After nearly four years, General Motors plans to once again source water for the Flint Engine plant in Flint, Michigan, from the city. Local ABC news affiliate WJRT reported last Friday the city’s mayor and the automaker confirmed the switch.
It’s unclear when the automaker’s engine plant will once again drink from the Flint River, but a GM spokesperson said the deal is nearly solidified save for a few details both sides will iron out. One of the details is a reported $1.2 million credit the city owes GM, which could be spread out over time.
Flint’s mayor, Karen Weaver, ended her State of the City speech by confirming GM will return as a water customer. Since GM switched the taps off of Flint city water, the city has reportedly lost about $400,000 annually from servicing the automaker. More than 15,000 of Flint’s lead water pipes have been replaced and Mayor Weaver added the city is ahead of schedule to replace all 22,000 by the end of 2019.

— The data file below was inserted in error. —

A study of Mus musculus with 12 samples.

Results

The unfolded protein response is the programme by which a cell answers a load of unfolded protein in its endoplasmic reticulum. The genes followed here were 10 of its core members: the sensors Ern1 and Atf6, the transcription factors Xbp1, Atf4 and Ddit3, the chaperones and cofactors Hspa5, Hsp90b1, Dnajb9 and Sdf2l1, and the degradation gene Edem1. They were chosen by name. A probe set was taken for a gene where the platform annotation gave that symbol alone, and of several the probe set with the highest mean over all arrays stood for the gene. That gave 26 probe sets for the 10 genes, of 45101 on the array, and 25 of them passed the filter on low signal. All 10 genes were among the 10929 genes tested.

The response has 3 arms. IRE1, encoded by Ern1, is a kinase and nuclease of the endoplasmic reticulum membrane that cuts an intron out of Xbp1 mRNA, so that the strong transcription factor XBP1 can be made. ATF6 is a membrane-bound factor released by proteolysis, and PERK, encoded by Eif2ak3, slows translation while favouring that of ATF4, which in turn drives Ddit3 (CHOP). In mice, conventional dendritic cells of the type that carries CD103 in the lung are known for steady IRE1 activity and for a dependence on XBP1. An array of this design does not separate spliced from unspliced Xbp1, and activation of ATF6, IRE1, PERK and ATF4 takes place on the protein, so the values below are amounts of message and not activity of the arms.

Water is quality is improving, but the mayor still encouraged residents to use filters and drink bottled water until all 22,000 pipes have been replaced.
GM was said to be in talks with the city of Flint to return to the local water supply back in July. The automaker narrowly avoided crisis ahead of Flint’s major problems three years ago when it switched from Flint water to a fresh supply from Flint Township. The Flint Engine plant borders the township and the infrastructure was already in place for the switch. The option was not offered to other local businesses or residents.
In 2014, workers noticed the local water was rusting and corroding engine blocks at the plant. Incredibly high levels of chloride caused the engine materials to corrode when they came in contact with one another. The lead amounts weren’t the problem for GM, but they have been for thousands of residents.